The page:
With teachers in Oaxaca and Chiapas going back into their classrooms after another courageous struggle against corporate education 'reform', there are lessons to be learned for those of us fighting for democratic education all over the world.
The 124 day strike, in the face of murderous attacks by security forces, has seen the government having to retreat on a number of issues - the education 'reform' has been frozen, warrants against union members will be suspended, the CNTE's bank account will be unfrozen and the government will have to fund more school infrastructure.
Despite these advances many teachers' leaders are still under arrest and no-one has been brought to justice for the murders in Oaxaca earlier this year, nor have the 43 student teachers been found. Of course given all this and the government's record on education, CNTE has made clear that it will return to the struggle if Nieto reneges on any of its commitments. It is perhaps also significant that only 45% of CNTE members in the latest ballot in Chiapas, voted to end the strike with the rest either voting against or abstaining.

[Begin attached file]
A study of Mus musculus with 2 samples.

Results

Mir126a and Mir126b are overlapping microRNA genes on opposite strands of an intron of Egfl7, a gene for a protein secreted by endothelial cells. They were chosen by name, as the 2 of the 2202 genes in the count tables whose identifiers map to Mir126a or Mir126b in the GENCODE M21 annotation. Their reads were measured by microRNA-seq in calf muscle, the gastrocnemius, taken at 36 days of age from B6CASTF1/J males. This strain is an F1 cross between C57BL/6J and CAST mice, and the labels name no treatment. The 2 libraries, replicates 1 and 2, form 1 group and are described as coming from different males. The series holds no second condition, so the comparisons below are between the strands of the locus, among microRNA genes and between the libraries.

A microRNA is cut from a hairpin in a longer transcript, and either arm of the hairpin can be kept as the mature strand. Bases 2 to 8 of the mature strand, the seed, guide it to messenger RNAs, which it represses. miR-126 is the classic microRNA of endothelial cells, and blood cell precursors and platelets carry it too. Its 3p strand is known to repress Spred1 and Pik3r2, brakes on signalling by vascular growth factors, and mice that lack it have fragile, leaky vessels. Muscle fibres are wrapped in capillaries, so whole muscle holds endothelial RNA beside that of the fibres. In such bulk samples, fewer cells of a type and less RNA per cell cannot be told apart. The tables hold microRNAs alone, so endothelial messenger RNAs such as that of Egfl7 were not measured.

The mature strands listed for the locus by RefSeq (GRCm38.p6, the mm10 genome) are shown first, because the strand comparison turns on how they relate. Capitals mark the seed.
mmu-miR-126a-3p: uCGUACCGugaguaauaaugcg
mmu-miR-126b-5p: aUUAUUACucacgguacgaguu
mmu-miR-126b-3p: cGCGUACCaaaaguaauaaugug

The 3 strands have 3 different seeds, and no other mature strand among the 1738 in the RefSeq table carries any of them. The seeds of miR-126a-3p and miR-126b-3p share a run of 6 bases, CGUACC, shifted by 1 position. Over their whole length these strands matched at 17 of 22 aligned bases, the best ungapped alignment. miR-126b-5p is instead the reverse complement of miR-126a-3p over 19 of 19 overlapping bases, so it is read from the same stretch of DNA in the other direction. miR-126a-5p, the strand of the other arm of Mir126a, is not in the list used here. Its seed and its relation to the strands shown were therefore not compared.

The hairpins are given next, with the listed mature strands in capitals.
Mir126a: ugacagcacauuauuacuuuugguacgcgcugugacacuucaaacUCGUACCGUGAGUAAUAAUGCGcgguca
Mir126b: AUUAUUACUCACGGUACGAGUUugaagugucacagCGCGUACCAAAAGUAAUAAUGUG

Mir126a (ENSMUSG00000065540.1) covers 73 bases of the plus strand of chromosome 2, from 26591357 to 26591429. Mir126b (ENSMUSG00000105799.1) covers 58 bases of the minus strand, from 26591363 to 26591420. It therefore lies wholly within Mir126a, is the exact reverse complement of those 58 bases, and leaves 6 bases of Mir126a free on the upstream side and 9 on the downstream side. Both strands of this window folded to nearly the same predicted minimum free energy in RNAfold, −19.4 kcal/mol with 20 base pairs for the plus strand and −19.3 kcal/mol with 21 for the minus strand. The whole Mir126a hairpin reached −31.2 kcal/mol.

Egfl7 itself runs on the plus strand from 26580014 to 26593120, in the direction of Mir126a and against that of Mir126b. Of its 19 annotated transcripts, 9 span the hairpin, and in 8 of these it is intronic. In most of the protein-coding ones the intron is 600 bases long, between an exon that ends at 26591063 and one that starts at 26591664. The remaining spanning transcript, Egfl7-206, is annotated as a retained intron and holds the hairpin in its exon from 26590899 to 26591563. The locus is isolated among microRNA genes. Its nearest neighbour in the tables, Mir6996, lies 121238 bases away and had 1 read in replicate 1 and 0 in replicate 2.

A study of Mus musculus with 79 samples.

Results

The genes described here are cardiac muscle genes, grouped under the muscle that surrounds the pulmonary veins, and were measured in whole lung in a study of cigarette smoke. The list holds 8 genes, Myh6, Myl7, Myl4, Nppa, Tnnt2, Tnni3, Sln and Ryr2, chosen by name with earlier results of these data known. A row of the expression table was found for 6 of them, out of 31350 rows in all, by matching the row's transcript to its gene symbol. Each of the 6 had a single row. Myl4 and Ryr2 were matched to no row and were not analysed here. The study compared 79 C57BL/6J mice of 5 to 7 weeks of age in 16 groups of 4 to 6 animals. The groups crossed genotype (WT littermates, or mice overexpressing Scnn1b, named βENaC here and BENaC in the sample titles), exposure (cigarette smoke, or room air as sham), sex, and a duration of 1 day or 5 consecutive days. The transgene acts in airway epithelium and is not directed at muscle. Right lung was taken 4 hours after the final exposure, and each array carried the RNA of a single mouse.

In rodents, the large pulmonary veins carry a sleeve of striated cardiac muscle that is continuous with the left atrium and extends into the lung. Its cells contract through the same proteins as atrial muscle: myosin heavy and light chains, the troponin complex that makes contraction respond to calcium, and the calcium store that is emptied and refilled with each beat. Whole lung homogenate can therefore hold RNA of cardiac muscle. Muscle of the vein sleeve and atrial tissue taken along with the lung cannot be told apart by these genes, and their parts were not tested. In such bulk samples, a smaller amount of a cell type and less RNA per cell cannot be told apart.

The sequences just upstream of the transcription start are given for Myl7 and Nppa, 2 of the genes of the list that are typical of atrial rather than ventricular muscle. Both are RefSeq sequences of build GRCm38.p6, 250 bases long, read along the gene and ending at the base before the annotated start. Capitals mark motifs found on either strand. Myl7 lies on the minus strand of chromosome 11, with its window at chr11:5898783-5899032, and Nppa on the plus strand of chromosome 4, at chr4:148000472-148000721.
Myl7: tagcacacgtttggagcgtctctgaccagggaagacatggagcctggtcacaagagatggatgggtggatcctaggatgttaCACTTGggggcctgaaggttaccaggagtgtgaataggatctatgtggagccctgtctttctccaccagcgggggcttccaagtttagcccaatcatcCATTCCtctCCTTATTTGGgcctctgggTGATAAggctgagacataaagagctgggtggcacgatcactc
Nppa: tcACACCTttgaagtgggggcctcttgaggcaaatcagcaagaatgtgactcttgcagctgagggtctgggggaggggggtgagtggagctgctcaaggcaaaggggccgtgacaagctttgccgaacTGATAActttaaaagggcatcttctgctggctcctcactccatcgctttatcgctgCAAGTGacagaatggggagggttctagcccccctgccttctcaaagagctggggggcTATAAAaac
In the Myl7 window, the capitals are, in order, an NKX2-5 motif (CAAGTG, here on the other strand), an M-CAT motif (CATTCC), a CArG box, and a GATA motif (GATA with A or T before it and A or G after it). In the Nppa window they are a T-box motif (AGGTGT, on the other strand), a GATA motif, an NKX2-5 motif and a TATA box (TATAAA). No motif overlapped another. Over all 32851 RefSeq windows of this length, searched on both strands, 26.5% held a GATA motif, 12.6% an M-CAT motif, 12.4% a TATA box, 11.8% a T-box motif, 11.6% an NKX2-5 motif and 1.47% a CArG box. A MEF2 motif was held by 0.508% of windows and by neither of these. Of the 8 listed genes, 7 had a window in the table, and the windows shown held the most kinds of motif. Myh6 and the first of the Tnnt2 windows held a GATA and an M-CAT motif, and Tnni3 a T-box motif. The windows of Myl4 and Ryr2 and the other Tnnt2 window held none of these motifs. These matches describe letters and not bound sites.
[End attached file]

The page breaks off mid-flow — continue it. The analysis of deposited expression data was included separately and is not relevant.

However as an excellent article by Luis Hernandez Navarro points out, the government's duplicity and violence cannot take away from the achievement of the democratic teachers and their supporters. The struggle for public education against corporate 'reform' has been placed at the heart of the national agenda:
At meals and family gatherings, on public transport, at workplaces and in universities the subject became the centre of debate. . . (The teachers' struggle) demonstrated that behind the 'reform' lie the interests of corporations, masquerading as citizens, who are using the rights of children to further their business interests.
Navarro goes on to describe how the teachers' movement has been the main break on Nieto's push for neoliberal structural reform of the whole economy and has played a vital role, through teach-ins, street stalls and occupations in educating the people about the nature and dangers of that reform.
Once again, democratic teachers everywhere should stand in solidarity with and learn from the brave teachers of Mexico.
To read Navarro's article in full, go here.
To read more background to the Mexican teachers' struggle go here.